Illness and injury never happen at a convenient time; they don’t recognize holidays or weekends, and couldn’t care less if the hour is late or the weather is inclement. For those who need emergency care, the staffers in Emergency Medical Services at Mark Twain St. Joseph’s Hospital are on call 24 hours a day, 365 days a year to serve the community.

However, working together with other groups is key when it comes to providing emergency care for Calaveras County citizens.

“Mark Twain St. Joseph's Hospital works collaboratively within a network of public service agencies that provide outstanding care and service to the surrounding communities,” said Chief Nurse Executive Melissa Cuevas.

“Our partners include local and state fire agencies, law enforcement, social services, public health, all local emergency medical ambulances providers, both ground and air, and other county service agencies,” said Cuevas.

Collaboration doesn’t just happen when responding to accidents or health emergencies; it is an essential aspect of life in the emergency room itself. Sue Griffiths, who has spent 24 of her 25 years as an emergency room nurse at Mark Twain St. Joseph’s Hospital, sees collaboration in the ER constantly, whether working with nursing students from the Calaveras High ROP program or making sure patients get the level of care they need.

“We know our limits … if you need a higher level care, we don’t hesitate to identify and transfer a patient to a higher level of care,” said Griffiths.

Mark Twain St. Joseph’s emergency services have undergone several changes over the past year, including the addition of new staff members and the implementation of new computer software. These changes were made in order to reduce wait times for patients without sacrificing the quality of their care.

“People come to the emergency room for medical attention and peace of mind,” said Cuevas, “Some improvements are already making a visit to the Mark Twain St. Joseph emergency room more convenient for patients.”

 In June of 2011, MTSJ began a partnership with EmCare, a firm that provides physician services to hospitals throughout the United States. Through EmCare, Mark Twain St. Joseph’s has added physician’s assistants to their emergency room staff; these physician’s assistants are tasked with treating non-acute injuries and illnesses.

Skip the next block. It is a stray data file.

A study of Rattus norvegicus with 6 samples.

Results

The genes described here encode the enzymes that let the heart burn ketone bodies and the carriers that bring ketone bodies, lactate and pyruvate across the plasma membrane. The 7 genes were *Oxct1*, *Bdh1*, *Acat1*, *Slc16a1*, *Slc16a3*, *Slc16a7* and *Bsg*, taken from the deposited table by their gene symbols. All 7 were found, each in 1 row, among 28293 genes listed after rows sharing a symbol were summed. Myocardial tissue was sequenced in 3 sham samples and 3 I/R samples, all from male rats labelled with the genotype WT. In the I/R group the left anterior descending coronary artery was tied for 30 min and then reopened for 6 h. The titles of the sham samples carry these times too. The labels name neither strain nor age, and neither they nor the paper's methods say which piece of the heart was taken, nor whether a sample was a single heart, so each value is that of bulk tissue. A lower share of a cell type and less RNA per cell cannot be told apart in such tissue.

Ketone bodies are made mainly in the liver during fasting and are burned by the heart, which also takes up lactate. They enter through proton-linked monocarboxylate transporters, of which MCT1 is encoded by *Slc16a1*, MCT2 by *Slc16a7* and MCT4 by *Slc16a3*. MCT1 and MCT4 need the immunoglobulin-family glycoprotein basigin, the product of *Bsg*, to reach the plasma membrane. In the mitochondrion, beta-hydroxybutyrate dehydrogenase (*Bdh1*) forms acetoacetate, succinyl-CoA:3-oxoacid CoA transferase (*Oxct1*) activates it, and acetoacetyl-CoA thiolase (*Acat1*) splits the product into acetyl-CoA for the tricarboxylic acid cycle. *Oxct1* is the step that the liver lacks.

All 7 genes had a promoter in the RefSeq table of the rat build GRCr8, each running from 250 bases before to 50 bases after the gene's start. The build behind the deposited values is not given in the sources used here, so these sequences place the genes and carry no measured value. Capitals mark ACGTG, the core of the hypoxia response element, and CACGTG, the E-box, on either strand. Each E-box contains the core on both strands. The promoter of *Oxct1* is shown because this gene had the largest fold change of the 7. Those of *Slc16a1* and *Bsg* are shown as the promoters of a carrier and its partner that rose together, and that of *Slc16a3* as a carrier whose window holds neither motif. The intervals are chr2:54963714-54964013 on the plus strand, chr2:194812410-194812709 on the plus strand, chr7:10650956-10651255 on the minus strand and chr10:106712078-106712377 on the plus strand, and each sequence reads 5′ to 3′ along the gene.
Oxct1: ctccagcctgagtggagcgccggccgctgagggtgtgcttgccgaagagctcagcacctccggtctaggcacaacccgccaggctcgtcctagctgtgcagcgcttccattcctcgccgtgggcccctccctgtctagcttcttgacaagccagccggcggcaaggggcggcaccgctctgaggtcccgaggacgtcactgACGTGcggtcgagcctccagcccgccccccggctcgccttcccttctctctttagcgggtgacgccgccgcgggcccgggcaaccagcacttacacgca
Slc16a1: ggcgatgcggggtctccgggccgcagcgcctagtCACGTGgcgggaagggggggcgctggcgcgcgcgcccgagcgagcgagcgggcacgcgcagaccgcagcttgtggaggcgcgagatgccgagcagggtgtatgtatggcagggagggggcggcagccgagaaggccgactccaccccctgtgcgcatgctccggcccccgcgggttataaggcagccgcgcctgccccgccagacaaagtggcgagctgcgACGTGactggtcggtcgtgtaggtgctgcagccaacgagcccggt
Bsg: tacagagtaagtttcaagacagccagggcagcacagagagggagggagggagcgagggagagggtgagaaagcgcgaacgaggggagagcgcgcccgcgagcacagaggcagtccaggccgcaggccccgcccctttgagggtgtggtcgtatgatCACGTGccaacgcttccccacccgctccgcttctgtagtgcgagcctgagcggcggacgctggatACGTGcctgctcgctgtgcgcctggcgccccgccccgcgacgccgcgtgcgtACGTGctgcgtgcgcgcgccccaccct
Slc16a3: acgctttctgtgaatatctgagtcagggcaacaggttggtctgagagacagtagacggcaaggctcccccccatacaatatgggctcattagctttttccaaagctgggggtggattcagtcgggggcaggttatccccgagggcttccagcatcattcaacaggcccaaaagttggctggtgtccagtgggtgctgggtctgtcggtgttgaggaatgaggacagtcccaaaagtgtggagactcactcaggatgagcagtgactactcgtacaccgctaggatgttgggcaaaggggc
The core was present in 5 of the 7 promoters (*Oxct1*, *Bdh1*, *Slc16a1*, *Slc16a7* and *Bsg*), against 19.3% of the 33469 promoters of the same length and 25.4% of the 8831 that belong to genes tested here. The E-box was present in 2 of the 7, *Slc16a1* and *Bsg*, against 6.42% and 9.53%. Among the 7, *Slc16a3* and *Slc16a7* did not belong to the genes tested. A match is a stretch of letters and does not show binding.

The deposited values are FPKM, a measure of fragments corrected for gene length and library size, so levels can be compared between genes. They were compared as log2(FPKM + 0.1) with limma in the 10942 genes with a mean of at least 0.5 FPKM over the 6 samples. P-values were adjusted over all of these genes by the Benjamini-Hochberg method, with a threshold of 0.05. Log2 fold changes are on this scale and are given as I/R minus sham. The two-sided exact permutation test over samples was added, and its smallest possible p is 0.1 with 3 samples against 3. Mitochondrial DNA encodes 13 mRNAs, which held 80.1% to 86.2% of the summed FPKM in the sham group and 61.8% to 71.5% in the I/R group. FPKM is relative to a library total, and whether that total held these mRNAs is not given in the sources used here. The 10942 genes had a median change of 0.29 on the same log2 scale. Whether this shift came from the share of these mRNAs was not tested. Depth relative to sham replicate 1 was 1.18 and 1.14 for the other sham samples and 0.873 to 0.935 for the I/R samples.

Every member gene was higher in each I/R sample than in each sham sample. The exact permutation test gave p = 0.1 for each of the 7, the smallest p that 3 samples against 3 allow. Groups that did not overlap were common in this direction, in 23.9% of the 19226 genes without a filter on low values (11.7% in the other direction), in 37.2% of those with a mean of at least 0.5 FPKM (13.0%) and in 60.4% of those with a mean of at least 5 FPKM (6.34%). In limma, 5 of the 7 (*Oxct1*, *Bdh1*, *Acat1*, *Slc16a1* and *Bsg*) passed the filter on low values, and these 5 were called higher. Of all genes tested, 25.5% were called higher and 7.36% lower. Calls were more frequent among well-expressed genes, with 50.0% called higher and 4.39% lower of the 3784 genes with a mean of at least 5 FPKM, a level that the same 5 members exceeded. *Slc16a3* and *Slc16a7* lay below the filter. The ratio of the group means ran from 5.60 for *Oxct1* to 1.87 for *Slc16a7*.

“Our staff has embraced the additional support from physician assistants that enables us to provide excellent service to all of our patients,” said Nicki Stevens, manager of Marketing & Business Development, and Volunteer Services for Mark Twain St. Joseph’s Hospital.

““The physician’s assistants found their place, and they are doing a great job,” agreed Griffiths, “The doctors here are very dedicated to seeing patients in a timely manner.”

According to interim hospital CEO Patti Monczewski, the results of the collaboration with EmCare speak for themselves.

“We are happy to report that our emergency room has already shown measurable improvement,” said Monczewski.

Mark Twain St. Joseph’s has also implemented a new computer system that has had a major impact on their emergency room services. Meditech technology allows lab orders and prescriptions to print out instantly in their respective departments, eliminating the lag that occurs when a runner has to manually take the orders to each department.

The new system also reduces the reliance on doctor’s handwriting, further ensuring the accuracy of the orders; it also stores the patient’s medical records on mobile computer units that can be accessed in the patient’s rooms. These records can be accessed several months after a patient’s last visit, providing a more complete profile of the patient’s health and previous treatment with the click of a button.

The mobile computer units are called “computers on wheels,” or “COWs” by emergency room staffers, who have taken to festooning the units with small plush cows. Not only do these provide a chuckle, but they bring comfort to younger patients.

Connecting with all of the patients, both young and old, is especially important to Griffith.

““We want people to be comfortable coming here. We all live [in Calaveras County], and we think of the people we care for as our family. I can’t tell you how many kids come up to me and say, ‘You were my ER nurse when I was a kid,’” said Griffith.

The addition of physician’s assistants and the implementation of new computer systems are just two of the improvements the hospital is making to their emergency services. In January of 2012, Mark Twain St. Joseph’s will be adding an additional tier of physicians, called “hospitalists,” whose primary duty will be to oversee the care of hospitalized patients, allowing doctors and physicians to focus on their specific departments.

“Not only does this ensure top quality care, it also enables general practice physicians to

devote more time to their practice,” said Stevens.

It also allows the emergency room staff to continue developing one-on-one connections with the patients in their care.

For Griffiths, it’s one of the most important aspects of her job as an ER nurse.

“I am so impressed with the level of compassion here. We care about your loved ones. If something bad happens, it hurts us too, because it’s part of our Calaveras family … the ER nurses care about people here,” said Griffiths.